Innovation Month Student Highlights
Senior, Biochemistry and Philosophy; Minor: Mathematics
Renshaw, from Boise, studies how mutations in bacteria can improve their growth. He looks at the specific chemical reactions, or metabolic pathways, needed for growth, and compares the growth of bacteria with baseline metabolic pathways to those with mutated metabolic pathways.
What are you hoping to gain from your involvement with the Undergraduate Research Symposium?
“I want to get experience with the process of publication and presentation. You can have the most beautiful data but that doesn’t mean a lot if you can’t share it or explain it in a way that people can understand. As for what I have gained from doing research, I now have a healthy appreciation for the fact that all of science is trouble shooting.”
How did you come up with your research project?
“Bacteria don’t want to just have the best pathway. They want to have a system for finding the best pathway. A system that allows for experimentation and adaptation increases the types of environments that the bacteria can handle. They are better prepared for the unexpected. Our project may show how bacteria acquire a new metabolic pathway and use that to improve its ability to function.”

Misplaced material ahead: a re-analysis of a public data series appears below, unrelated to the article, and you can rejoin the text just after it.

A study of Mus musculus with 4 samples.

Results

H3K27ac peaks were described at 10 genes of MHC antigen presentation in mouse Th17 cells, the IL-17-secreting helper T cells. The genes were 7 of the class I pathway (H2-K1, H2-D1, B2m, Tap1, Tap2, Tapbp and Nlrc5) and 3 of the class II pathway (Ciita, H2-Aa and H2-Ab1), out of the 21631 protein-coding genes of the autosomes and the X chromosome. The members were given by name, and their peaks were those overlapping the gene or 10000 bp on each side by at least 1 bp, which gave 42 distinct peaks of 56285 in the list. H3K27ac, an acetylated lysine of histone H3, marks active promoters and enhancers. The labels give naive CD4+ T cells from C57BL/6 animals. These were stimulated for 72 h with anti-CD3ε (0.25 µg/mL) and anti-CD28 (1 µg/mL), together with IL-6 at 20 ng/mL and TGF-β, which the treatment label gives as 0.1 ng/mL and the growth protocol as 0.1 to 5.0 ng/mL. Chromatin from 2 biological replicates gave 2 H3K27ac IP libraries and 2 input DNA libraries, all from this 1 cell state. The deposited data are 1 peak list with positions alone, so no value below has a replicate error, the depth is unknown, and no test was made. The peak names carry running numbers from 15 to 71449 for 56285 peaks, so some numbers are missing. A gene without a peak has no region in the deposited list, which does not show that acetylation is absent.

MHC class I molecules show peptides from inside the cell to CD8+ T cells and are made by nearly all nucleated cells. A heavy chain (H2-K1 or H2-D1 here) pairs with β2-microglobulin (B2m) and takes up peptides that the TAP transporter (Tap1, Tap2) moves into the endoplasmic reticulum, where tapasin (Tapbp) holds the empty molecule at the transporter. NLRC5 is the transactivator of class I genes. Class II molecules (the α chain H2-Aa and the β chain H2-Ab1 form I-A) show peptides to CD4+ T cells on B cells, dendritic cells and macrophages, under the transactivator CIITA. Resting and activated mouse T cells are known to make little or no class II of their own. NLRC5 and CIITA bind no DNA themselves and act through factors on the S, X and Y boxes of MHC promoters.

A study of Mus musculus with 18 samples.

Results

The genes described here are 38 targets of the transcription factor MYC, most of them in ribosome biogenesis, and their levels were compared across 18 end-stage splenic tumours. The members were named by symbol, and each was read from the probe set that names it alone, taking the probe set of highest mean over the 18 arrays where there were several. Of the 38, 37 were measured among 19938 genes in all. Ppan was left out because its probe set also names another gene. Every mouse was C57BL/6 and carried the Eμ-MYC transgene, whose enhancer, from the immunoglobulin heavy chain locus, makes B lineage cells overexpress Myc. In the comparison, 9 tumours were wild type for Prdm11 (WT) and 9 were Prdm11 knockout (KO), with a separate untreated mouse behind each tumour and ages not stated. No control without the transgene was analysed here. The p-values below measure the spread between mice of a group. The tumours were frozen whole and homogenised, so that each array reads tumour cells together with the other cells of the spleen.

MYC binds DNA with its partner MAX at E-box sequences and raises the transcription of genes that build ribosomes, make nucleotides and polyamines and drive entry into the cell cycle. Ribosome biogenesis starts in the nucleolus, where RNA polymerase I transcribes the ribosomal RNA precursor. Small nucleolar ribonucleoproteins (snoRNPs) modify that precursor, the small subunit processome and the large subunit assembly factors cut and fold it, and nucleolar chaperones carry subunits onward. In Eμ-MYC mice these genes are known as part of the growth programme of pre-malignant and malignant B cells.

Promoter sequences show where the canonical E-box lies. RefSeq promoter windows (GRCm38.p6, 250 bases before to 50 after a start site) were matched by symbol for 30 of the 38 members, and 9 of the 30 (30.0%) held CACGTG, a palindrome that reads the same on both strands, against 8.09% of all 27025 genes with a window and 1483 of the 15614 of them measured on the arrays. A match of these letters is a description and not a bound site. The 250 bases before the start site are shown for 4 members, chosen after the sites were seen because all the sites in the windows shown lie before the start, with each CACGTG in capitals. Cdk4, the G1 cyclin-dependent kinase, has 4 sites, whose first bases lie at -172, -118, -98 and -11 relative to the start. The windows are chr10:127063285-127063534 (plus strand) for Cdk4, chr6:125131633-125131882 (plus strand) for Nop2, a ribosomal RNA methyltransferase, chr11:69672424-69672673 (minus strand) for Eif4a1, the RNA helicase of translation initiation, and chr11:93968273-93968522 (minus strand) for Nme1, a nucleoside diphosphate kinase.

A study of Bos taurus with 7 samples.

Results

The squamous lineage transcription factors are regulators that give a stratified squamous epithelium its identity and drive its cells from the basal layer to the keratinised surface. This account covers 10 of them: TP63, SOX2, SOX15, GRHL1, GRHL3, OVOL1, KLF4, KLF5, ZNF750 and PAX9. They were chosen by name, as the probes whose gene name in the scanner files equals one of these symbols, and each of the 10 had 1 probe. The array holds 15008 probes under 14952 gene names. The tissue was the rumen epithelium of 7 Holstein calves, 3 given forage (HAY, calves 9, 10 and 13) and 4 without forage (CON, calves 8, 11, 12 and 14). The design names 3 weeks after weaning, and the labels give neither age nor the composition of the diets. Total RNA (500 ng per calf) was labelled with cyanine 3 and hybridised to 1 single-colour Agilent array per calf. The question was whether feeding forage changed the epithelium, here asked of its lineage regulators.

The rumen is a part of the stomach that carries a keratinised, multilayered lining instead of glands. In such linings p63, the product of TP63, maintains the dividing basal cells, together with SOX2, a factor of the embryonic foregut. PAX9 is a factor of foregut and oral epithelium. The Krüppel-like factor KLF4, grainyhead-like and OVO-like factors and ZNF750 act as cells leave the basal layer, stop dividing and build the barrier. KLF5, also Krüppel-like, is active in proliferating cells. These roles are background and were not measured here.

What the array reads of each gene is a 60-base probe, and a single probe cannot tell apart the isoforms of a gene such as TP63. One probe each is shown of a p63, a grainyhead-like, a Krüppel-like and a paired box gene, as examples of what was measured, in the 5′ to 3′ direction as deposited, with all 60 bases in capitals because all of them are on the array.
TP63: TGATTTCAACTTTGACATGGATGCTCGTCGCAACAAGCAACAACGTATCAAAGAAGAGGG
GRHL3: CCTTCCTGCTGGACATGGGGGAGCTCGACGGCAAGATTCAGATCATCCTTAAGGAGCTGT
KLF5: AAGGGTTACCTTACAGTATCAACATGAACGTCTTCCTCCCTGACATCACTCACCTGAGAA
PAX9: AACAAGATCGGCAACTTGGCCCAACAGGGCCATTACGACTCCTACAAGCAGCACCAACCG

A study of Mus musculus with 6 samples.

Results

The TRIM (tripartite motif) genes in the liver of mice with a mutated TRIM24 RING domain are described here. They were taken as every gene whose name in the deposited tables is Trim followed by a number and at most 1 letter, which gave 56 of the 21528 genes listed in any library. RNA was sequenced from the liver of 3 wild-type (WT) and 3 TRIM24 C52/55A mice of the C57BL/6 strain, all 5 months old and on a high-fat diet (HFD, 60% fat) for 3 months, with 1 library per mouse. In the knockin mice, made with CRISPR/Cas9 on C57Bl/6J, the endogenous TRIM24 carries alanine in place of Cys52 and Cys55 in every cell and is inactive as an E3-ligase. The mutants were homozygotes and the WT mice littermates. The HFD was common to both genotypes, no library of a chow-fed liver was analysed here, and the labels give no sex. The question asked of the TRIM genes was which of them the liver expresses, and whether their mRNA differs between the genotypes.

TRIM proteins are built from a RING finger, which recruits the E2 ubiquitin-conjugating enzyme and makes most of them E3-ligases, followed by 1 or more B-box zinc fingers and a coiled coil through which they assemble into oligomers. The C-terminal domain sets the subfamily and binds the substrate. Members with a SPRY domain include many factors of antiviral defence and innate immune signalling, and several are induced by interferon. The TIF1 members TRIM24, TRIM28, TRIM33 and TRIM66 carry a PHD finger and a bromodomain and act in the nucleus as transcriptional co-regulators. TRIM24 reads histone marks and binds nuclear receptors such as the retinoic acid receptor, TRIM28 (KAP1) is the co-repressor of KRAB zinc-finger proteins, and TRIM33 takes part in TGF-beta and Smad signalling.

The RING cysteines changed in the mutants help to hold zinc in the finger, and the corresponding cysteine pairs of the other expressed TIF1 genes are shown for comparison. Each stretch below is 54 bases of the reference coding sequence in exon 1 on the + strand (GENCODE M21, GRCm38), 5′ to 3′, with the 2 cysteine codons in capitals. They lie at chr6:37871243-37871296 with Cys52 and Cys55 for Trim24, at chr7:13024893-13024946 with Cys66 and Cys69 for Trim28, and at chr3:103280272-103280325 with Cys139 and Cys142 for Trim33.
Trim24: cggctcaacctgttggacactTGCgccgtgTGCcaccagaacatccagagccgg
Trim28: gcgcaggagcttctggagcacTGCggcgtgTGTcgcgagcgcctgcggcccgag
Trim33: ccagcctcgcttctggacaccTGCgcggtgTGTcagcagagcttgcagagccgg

How will your findings change the world?
“These bacteria, Methylobacterium extorquens, live on plant leaves. The bacteria feed on toxic methanol produced by the plant and then give their waste products back to the plant. If we have an understanding of that interaction, we can design bacteria to be even more beneficial to the plant and introduce the improved bacteria to the plant. This could increase crop yields for either biofuels or food.”